Coops' Competition to Perceived Failure of Traditional Business Models

Monday, 31 October 2011

Individuals and governments ought to turn their attention to the co-operative model of business in the wake of a global financial crisis and subsequent aftershocks which have seen the European Union fighting for survival and the United States unable to stage a convincing financial recovery, said Greg Wall, Chair of Social Business Australia and CEO of Capricorn Society Ltd.

A focus on short-term financial returns and share prices has found many share market-listed corporations put at risk not only the long-term financial health of their businesses but also the livelihoods of their employees.

The model of co-operative banks and credit unions has demonstrated its resilience in tough times. Of the top ten safest banks in 2011, only one is listed with the stock market with the remainder either government or member-owned, according to Global Finance magazine’s rankings.

Australians have embraced the co-operative model through their membership of automobile associations, credit unions, industry super funds, health insurance and retailers with an average of more than one co-operative or mutual membership per capita of the national population.

Mr Wall’s comments came today as the former British Prime Minister Gordon Brown joined 150 of the world’s most influential co-operative business leaders - including Wall - at the headquarters of the United Nations in New York to launch the International Year of Co-operatives (IYC) 2012.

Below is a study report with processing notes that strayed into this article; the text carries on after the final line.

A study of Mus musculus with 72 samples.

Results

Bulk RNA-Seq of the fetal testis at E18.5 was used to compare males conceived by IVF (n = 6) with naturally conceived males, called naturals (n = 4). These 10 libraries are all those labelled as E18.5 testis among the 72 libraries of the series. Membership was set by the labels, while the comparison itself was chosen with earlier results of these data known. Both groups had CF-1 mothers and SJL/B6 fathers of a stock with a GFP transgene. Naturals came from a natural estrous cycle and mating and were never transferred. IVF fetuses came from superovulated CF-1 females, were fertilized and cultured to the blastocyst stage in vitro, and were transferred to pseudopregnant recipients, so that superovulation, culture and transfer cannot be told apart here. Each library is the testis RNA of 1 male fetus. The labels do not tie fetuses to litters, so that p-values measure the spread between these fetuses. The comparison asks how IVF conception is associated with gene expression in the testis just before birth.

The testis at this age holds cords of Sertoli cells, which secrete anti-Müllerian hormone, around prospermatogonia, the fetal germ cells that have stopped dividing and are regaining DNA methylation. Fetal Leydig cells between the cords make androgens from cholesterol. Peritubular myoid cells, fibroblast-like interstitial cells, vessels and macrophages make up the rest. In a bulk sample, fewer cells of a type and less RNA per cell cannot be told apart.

“We’re not just here to talk about the sustainability and social aspects of co-operatives, we’re also here to show that these co-operative businesses are globally competitive,” said Wall today.

“The member-owned model works on many levels, we have strong links to community which prompts loyalty and we are able to give back to our members by giving them access to cheaper services.”

According to a report released in New York by the global organisation representing co-operatives, the International Co-operative Alliance, the world’s largest 300 co-operatives account for $US 1.6 trillion which is equal to the gross domestic product (GDP) of the world’s ninth largest economy.

Maggie Beer, 2010 Senior Australian of the Year and Supporter of IYC 2012
"My passion for using fresh seasonal and local produce is equalled by my passion for my local, cooperative store...Community focused, ethical and sustainable that's the cooperative difference."